How to carry a conversation and comfort others?
I shared about dealing with difficult conversations in my previous post.
This week, we’d focus on how to effectively carry a conversation and how to comfort others.
1. The art of asking questions
My close friend was sharing with me that on dating apps, the guys that she meet do not ask her questions about herself.
The dates are usually either about general topics or a sales pitch about their accomplishments; their goals and their wealth.
I personally had a sad experience a few years back where the guy was talking about his Rolex for 30 minutes.
When meeting new people in a personal or professional setting, many do not bother to ask questions about others.
We all like people who are interested in what we do and us. The best way to appear charismatic is to master the art of follow-up questions.
Here are three super actionable steps you can take.
i. Pick one point in their sentence and get them to elaborate
For example, if the other person says he did his exchange in Hong Kong. You can ask so many questions: What were the key differences he noticed between Hong Kong and Singapore? Does he speak Cantonese and if not, how did he assimilate? What are some things people get wrong about Hong Kong?
By doing this, you do not even need to know much about Hong Kong to carry on a conversation.
ii. Share your own story then ask questions
I like to bring up stories like how I used to go Ronchor Road Beancurd with my then boyfriend who was in National Service (NS).
From this topic, one can branch out into so many other questions:
Teenage romance: Where was your paktor spot in your childhood?
You can then add on with more stories. For example, I like to credit my then-boyfriend for influencing my perspective on inequality.
NS: What did you do for NS? Do you feel NS should be abolished? What will you change about NS if you could?
iii. Start with a compliment
There are so many things to compliment people about. I will use three examples here: Their choice of perfume/colonge; their success or their build.
Choice of perfume: Which scent they use? Was there something else they were using before that? Our scent choices are typically personal and people have their own unique reasons
Success: They went to some good university or just landed a new job. Wow, so smart! What were the entrance exams like? How did they prepare? What was the interview process like? How did they feel when they got the news? What was their backup plan if they failed?
Build: How do they train? Where did they learn? What is their routine like? Which muscle group is their strongest and weakest? What drives them to work out?
All these skills require practice.
Candidly, I am a more introverted person who prefers to stick with the same few close friends rather than interact with new people. I have been told to be careful about coming off as cliquish.
However, my job requires me to do networking. Hence, I had to pick these up over time.
2. How to comfort someone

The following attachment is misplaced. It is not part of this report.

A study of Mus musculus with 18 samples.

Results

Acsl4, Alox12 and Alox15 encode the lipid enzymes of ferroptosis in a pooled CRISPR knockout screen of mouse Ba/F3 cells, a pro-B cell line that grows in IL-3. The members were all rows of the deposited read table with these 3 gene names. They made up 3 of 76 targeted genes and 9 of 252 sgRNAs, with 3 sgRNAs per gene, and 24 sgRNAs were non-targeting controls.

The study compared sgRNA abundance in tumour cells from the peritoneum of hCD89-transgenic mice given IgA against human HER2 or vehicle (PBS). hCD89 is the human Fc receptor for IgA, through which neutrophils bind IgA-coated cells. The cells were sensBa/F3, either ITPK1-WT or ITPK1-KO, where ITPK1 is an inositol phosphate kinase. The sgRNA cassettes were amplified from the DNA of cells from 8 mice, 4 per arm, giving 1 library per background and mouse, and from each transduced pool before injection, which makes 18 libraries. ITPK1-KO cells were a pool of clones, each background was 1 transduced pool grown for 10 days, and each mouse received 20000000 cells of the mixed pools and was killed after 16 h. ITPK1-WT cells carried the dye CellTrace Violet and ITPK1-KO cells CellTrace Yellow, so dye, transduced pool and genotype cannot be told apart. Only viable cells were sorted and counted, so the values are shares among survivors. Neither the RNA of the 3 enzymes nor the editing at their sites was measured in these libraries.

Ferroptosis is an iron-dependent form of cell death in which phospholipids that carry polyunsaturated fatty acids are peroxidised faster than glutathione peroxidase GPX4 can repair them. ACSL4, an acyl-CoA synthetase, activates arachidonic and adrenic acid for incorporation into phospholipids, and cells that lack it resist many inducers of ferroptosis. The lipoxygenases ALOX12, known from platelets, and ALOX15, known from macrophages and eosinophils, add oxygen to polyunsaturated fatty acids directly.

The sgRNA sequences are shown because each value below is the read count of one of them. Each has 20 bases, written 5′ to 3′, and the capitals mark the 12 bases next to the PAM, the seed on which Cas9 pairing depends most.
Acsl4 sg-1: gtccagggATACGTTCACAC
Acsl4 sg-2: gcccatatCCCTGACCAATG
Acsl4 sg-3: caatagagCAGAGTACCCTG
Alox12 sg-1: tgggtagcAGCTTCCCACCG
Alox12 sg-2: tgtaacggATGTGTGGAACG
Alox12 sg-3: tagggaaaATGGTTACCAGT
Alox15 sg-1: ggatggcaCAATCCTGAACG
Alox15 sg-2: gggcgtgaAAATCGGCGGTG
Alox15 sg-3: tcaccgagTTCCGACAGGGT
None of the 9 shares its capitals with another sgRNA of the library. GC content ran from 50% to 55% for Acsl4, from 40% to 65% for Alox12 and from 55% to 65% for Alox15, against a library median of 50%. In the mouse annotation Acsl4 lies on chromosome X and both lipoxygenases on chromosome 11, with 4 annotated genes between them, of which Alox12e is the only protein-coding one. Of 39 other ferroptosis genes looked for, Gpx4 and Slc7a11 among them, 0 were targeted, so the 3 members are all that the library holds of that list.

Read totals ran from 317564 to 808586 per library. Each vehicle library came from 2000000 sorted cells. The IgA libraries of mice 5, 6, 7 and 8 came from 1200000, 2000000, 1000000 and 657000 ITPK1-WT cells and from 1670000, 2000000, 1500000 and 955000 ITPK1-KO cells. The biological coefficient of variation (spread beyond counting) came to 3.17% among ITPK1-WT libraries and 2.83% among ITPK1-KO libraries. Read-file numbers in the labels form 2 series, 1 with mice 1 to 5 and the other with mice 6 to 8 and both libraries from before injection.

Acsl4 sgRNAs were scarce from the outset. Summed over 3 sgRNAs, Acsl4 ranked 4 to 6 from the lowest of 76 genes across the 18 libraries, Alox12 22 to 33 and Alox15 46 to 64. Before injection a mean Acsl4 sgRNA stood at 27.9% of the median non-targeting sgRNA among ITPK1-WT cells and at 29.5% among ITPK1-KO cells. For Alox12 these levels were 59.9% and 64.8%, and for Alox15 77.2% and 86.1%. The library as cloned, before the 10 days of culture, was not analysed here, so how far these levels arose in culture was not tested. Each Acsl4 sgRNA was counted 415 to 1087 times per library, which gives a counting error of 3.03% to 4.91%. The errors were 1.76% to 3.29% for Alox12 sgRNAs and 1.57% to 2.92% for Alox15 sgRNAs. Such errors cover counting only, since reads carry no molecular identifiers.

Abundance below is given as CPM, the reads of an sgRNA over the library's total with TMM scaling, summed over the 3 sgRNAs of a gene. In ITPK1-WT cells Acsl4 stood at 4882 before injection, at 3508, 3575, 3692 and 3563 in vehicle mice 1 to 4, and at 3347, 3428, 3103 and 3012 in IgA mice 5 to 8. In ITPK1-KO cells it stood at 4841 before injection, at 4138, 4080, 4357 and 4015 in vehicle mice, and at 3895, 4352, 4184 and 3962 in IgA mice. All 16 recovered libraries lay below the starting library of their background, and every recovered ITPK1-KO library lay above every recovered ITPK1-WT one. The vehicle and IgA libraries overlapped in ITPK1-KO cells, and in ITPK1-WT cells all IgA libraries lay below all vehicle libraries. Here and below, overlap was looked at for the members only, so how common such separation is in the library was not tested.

Just sharing a recent and great example from my friend who helped me out
Facing problems can be an isolating experience. Our presence and support can do a lot to help people feel validated
I recently reached out to my friend for comfort and I thought his response was perfect.
Firstly, he expressed gratitude and that made me feel like I was not imposing on him
Next, he asked about what I needed and it prompted me to specify exactly what I needed from him.
I shall remember the above response and use it for future situations.
One mistake I use to make was to tell people “Let me know how I can be helpful.”
Instead, it is better to be specific and proactive: “Take the rest of the week off, I will hold the fort” or “Shall we meet go for a walk?”
Alternatively, you can just ask “What is one thing I can do to make you feel better”
3. How to validate people’s emotions
Everyone wants their feelings to be understood and accepted. Validation helps a person feel cared for and supported.
Yet, many do not know how to validate others. Too often, a person can feel that their inner experiences are judged and denied.
Effective validation has two components: It identifies a specific emotion. It offers justification for feeling that emotion.
For example, your friend complains to you that her colleagues left her out by not inviting her to KTV.
Instead of saying “She probably didn’t mean to do that” or the classic “Haiya, don’t think so much”
Validation looks like this: “You must feel left out to not be invited to KTV because it gives the impression they forgot about you. I would feel the same if I were you because being part of a group is important to you.”
Do I care if my own colleagues go for KTV and do not include me? No. I don’t like big groups. I don’t like going for KTV.
Empathy does not mean you agree with someone, it means you can see the world through their view for one moment.
Here is a snippet of a video that explains how you can do this.
I need to focus on my new job and ramping up as quickly as possible. These are a few changes I’d be making:
Double down on good sleep, good diet and regular exercise. I need my body and mind to be in top form so I have the energy and focus for high performance.
Reduce my LinkedIn post frequency to only once a week
Instagram updates will be as per normal, follow my journey on Instagram.